Luxury cars and "hidden payments" paid for with your tax dollar -

Luxury cars and "hidden payments" paid for with your tax dollars


If you pay taxes in Missouri, you are funding vehicle allowances for 18 executives and top administrators within the University of Missouri system. 

In some cases, those vehicle allowances exceed $1200 per month which is enough to pay for a luxury car, fuel and insurance according to state auditor Nicole Galloway.

A total of $407,000 was paid out in vehicle allowances in 2015 and 2016.  

Galloway's office was critical of the allowances along with other perks paid out, as they were not included in "published salaries." 

In a news release, Galloway stated, "Administrators appear to have forgotten that the system is a public institution, and that they are accountable to the taxpayers, students and families." 

According to the audit, a total of $2.3 million in "hidden payments" went to top administrators. 

The audit also revealed former chancellor R. Bowen Loftin, who resigned in 2015, was rehired in 2016 for a newly created position titled Director of National Security Research Development. 

In his original position as chancellor, Loftin received $459,000 annually. According to the audit, he continued receiving his chancellor salary for 6 months after resigning despite having "no official duties and was not officially employed in any capacity by the university following his resignation." 

Those continuing payouts totaled $230,000

Galloway's office also revealed Loftin's new position pays $344,000. 

In addition, Galloway revealed Loftin was allowed to keep his $100,000 retention bonus, a $15,600 luxury vehicle allowance, a $35,000 annual stipend with "no restrictions on its use," and a $50,000 travel budget. 

The University of Missouri responded to the audit with the following statement. 


The University of Missouri followed the provisions that were outlined in Dr. Loftin’s original contract when he was appointed chancellor. In his current role as Director of National Security Research Development, he has been connecting with researchers across the University of Missouri System’s campuses in an effort to bolster the university’s research programs in defense, intelligence and homeland security.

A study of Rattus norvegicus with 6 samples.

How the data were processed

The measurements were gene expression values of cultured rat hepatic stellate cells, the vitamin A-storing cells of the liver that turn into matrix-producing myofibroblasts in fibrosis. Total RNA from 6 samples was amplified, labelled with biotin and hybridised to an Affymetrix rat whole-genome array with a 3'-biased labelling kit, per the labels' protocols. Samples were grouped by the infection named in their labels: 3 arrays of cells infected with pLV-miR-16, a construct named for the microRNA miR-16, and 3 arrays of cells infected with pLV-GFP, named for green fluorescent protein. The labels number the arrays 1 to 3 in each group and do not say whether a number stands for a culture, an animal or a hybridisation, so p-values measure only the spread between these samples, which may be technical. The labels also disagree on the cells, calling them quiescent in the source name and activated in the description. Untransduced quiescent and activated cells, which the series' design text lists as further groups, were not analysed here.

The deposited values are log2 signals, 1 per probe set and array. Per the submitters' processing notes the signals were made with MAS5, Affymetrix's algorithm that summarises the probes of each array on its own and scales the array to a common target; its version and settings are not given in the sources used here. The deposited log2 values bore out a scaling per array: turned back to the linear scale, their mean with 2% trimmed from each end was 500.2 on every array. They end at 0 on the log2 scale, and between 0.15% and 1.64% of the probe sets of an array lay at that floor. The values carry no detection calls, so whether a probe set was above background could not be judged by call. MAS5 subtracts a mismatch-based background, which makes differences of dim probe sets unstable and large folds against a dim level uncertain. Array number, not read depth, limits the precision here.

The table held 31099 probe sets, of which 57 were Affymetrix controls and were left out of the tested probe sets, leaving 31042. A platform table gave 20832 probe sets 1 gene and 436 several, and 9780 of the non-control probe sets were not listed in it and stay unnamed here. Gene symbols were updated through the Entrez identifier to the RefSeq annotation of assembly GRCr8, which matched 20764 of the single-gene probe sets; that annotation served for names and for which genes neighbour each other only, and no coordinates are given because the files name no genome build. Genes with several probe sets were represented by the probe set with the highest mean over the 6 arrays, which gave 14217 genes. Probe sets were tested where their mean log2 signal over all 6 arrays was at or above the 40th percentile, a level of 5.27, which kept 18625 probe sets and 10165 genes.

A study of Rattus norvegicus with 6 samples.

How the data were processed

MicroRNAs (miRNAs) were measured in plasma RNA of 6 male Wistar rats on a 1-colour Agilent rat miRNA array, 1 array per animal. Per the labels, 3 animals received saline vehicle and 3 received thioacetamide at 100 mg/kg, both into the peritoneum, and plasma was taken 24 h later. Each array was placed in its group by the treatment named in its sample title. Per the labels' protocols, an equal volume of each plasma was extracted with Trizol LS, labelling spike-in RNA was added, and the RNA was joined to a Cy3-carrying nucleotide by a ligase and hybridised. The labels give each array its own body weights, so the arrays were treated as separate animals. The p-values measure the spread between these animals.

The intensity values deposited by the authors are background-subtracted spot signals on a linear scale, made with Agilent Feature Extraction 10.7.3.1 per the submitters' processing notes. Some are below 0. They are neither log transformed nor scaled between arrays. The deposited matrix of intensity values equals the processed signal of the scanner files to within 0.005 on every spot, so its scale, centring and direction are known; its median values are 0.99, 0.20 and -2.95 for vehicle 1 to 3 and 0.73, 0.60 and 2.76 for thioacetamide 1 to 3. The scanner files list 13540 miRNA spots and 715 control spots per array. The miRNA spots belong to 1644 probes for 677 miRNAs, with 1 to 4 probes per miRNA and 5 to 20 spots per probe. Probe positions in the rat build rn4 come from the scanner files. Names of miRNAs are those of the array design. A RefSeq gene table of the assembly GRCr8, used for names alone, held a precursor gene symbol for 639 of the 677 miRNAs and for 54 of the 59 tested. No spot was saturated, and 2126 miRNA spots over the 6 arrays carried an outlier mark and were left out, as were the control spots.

Over the past year, Dr. Loftin has met with national research scientists, including those with the Office of Naval Research and the Army Research Laboratory. In those meetings, he helped to identify where UM researchers could compete for upcoming projects or programs related to improving national security.

           Dr. Loftin will be evaluated this spring to assess his effectiveness and success in locating funding opportunities and partnerships for MU investigators.

             University of Missouri administrators are always mindful of our responsibility to be good stewards of the tax dollars entrusted to us. For more than 175 years, MU has been a resource for the state, educating the workforce, discovering life-saving and innovative technologies, and sharing this knowledge with the citizens of the state. We could not do this without the financial support from Missouri’s citizens and state government.

            We will be reviewing the recent audit very carefully and taking any actions deemed necessary to improve this great university.

The University of Missouri System responded to the audit with this response. 

State audit report confirms UM System follows sound business practices in its operations

COLUMBIA, Mo. – An audit of the University of Missouri System released today by State Auditor Nicole Galloway confirmed that the UM System follows sound business practices and accounting standards in its operation of the state’s largest public university, while identifying no significant deficiencies in internal controls. The audit’s release culminates an extensive, eight-month review of a full range of the UM System’s operations.

 “The UM System strives to be more accountable and transparent in its stewardship of public resources,” President Mun Choi said. “We will use the audit report to continue improving our business processes and our operations.”

 While the audit reviewed a wide range of the UM System’s operations, the report’s findings were limited to the University’s executive compensation program. The program includes incentives that are used among peer higher education institutions, and generally do not exceed the median of the market. Under the UM System’s executive compensation program, executive leaders earn a portion of their annual salary based strictly on performance.

“Our executive compensation program is critical to our capacity to attract and retain top leaders in what is an extremely competitive national higher education market,” Choi continued. “Consistent with the audit report’s recommendation, the UM System will continue to establish objective executive performance goals.”

The UM System is a model of an efficient public institution. Using savings garnered through efficiency and effectiveness measures, the UM System campuses spend 75.3 percent of their operations budget on the core activities of teaching, research and service, compared to other Missouri public four-year universities, which spend an average of 64.2 percent.

Just last week, Standard & Poor’s Global Rating, one of the nation’s premier credit rating services, announced an affirmation of the UM System’s high-grade AA+ credit rating. This follows the recent July rating by Moody’s Investors Service, another leading credit rating agency, which reaffirmed its high-grade rating of Aa1 also with a stable outlook. These two ratings combined keep the UM System among an prestigious group of institutions. Less than 10% of the public institutions rated fall within both rating services’ top two rating categories.